2020 Emmy Predictions

Updated September 9th, 2020

It has been quite the year for television. Long time Emmy favorites like Veep and Game of Thrones have closed shop and made their final bows. In their absence new Emmy darlings such as Schitt’s Creek and Succession eagerly await their turn to walk away with Emmy gold. The Awards Radar Emmy panel (Anna Young, Abe Friedtanzer, Chris James, and Steven Prusakowski) put their head together to provide their predictions.

Pop

1. “Schitt’s Creek” (Pop)

In the sitcom "Schitt's Creek," a wealthy couple -- video store magnate Johnny and his soap opera star wife Moira -- suddenly find themselves completely broke. With only one remaining asset, a small town called Schitt's Creek, which the Roses bought years earlier as a joke, this once-wealthy couple must give up life as they know it. With their two spoiled children in tow and their pampered lives behind them, the Rose family is forced to face their newfound poverty head-on and come together as a family to survive.

2. “The Marvelous Mrs. Maisel” (Amazon)

It's the late 1950s and Miriam "Midge" Maisel has everything she has ever wanted -- the perfect husband, two kids and an elegant apartment on New York's Upper West Side. Her seemingly idyllic life takes a surprising turn when she discovers a hidden talent she didn't previously know she had -- stand-up comedy. This revelation changes her life forever as she begins a journey that takes her from her comfortable life on the Upper West Side through the cafes and nightclubs of Greenwich Village as she makes her way through the city's comedy industry on a path that could ultimately lead her to a spot on the "Tonight Show" couch. The series was created by Amy Sherman-Palladino ("Gilmore Girls").

3. “Insecure” (HBO)

Modern-day black women might be described as strong and confident; in other words, just the opposite of Issa and Molly. As the best friends deal with their own real-life flaws, their insecurities come to the fore as together they cope with an endless series of uncomfortable everyday experiences. Created by co-star Issa Rae and writer/comic Larry Wilmore ("The Daily Show With Jon Stewart"), the comedy series looks at the friendship of two black women in a unique, authentic way. It features the music of both indie and established artists of color, and touches on a variety of social and racial issues that relate to the contemporary black experience.

4. “The Good Place” (NBC)

When Eleanor Shellstrop finds herself in the afterlife, she's both relieved and surprised that she's made it into the Good Place. But it doesn't take long for Eleanor to realize she's there by mistake. She hides in plain sight from the Good Place's architect, Michael, and his all-knowing assistant, Janet. Her seemingly perfect neighbors, Tahani and Jason, and open-hearted soul mate, Chidi, help her realize that it's never too late to change. With the help of her new friends -- and a few enemies -- Eleanor becomes determined to shed her old way of life in hopes of discovering a new one in the afterlife.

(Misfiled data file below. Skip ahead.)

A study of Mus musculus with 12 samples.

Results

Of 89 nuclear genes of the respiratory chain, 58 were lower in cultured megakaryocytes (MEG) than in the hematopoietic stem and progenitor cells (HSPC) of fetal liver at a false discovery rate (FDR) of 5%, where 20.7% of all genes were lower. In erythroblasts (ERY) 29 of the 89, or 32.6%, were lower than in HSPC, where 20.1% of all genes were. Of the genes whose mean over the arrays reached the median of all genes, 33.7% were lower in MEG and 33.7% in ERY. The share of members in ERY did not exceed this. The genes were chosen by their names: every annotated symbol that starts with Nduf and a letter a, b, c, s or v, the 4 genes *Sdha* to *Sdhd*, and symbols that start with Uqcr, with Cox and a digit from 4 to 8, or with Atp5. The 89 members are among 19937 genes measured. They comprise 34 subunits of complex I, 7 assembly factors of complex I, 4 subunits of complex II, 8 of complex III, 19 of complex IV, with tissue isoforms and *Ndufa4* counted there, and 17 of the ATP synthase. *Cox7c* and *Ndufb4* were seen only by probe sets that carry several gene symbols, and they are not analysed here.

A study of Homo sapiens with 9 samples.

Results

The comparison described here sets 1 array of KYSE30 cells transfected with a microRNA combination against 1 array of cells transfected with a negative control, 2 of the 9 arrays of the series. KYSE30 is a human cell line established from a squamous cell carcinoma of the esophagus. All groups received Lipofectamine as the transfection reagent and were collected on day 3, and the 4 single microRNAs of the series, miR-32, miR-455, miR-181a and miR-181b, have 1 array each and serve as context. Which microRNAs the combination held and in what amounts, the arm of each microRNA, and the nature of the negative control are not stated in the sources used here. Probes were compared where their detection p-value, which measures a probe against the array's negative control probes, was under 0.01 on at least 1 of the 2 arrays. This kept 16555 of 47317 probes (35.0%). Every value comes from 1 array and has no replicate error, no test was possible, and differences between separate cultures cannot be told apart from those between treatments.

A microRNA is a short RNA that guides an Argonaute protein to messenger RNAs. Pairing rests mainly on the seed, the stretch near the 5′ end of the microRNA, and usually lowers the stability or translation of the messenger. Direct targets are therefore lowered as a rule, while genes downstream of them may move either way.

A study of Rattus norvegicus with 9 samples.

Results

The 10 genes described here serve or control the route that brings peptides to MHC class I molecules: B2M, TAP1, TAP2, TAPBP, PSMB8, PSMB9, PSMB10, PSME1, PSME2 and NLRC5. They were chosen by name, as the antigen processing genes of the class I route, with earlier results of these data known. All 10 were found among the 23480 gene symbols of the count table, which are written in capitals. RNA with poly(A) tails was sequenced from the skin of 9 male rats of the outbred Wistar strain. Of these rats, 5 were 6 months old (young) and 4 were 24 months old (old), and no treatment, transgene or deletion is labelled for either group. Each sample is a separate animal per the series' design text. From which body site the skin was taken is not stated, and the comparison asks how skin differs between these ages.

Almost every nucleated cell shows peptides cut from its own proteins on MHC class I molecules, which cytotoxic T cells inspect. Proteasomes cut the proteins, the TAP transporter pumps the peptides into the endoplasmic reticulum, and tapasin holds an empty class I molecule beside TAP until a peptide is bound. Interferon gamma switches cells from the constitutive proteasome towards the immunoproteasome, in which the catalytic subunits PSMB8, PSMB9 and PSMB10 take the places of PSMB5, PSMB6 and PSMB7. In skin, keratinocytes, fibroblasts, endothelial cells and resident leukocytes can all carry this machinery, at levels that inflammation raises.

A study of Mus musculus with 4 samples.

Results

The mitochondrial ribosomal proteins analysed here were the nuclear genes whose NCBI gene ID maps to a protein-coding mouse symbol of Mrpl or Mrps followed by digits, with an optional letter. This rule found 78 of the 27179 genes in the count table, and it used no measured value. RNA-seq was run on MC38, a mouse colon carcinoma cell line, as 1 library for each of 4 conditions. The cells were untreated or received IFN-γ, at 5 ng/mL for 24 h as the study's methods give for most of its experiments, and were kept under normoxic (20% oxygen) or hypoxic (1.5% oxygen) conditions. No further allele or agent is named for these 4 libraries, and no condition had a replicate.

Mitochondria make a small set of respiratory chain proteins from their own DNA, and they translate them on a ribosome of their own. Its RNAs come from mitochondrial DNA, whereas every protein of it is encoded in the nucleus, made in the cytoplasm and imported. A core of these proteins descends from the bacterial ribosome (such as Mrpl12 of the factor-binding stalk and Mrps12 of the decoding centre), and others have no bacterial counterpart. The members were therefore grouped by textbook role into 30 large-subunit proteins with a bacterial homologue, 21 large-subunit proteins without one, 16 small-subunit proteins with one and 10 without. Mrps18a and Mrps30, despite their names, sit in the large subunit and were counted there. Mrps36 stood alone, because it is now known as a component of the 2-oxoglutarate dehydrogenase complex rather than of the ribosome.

5. “What We Do In The Shadows” (FX)

Based on the feature film of the same name from Jemaine Clement and Taika Waititi, "What We Do in the Shadows" is a documentary-style look into the daily (or rather, nightly) lives of four vampires who've "lived" together for hundreds of years in Staten Island.The self-appointed leader of the group is Nandor the Relentless, a great warrior and conqueror from the Ottoman Empire. Then there's the British vampire Laszlo -- a bit of a rogue and a dandy and a fop, he might say. He's a lover of mischief and a great soirée, but not as much as he loves seeing Nandor fail miserably in every attempt. And then there's Nadja: the seductress, the temptress, the vampiric Bonnie to Laszlo's Clyde. Also cohabiting in the vampire household is Guillermo, Nandor's familiar; and Colin Robinson, an energy vampire and day-walker of sorts -- he feasts on humans, but not on their blood.

6. “Dead to Me” (Netflix)

Jen's husband recently died in a hit-and-run, and the sardonic widow is determined to solve the crime. Optimistic free spirit Judy has recently suffered a tragic loss of her own. The ladies meet at a support group and, despite their polar-opposite personalities, become unlikely friends. As the women bond over bottles of wine and a shared affinity for "The Facts of Life," Judy tries to shield Jen from a shocking secret that could destroy her life as she knows it. The dark comedy -- which explores the weirdly funny sides of grief, loss and forgiveness -- features a cast that includes TV veterans Christina Applegate and Ed Asner.

7. “The Kominsky Method” (Netflix)

He may be in his twilight years, but aging acting coach Sandy Kominsky isn't ready to ride off into the sunset just yet. The once-famous Kominsky and his longtime agent, Norman Newlander, keep each other laughing as they tackle the curveballs that life throws at them while navigating their later years in Los Angeles, a city that values youth and beauty. The Netflix original sitcom has a strong Hollywood pedigree; it was created by multiple Emmy winner Chuck Lorre and stars Oscar winners Michael Douglas and Alan Arkin as Kominsky and Newlander, respectively.

8. “Curb Your Enthusiasm” (HBO)

`Seinfeld' co-creator Larry David plays a version of himself on the improvised series. He faces a constant barrage of life's little annoyances, which in David's sometimes well-meaning but terminally fumbling hands don't tend to stay small for very long.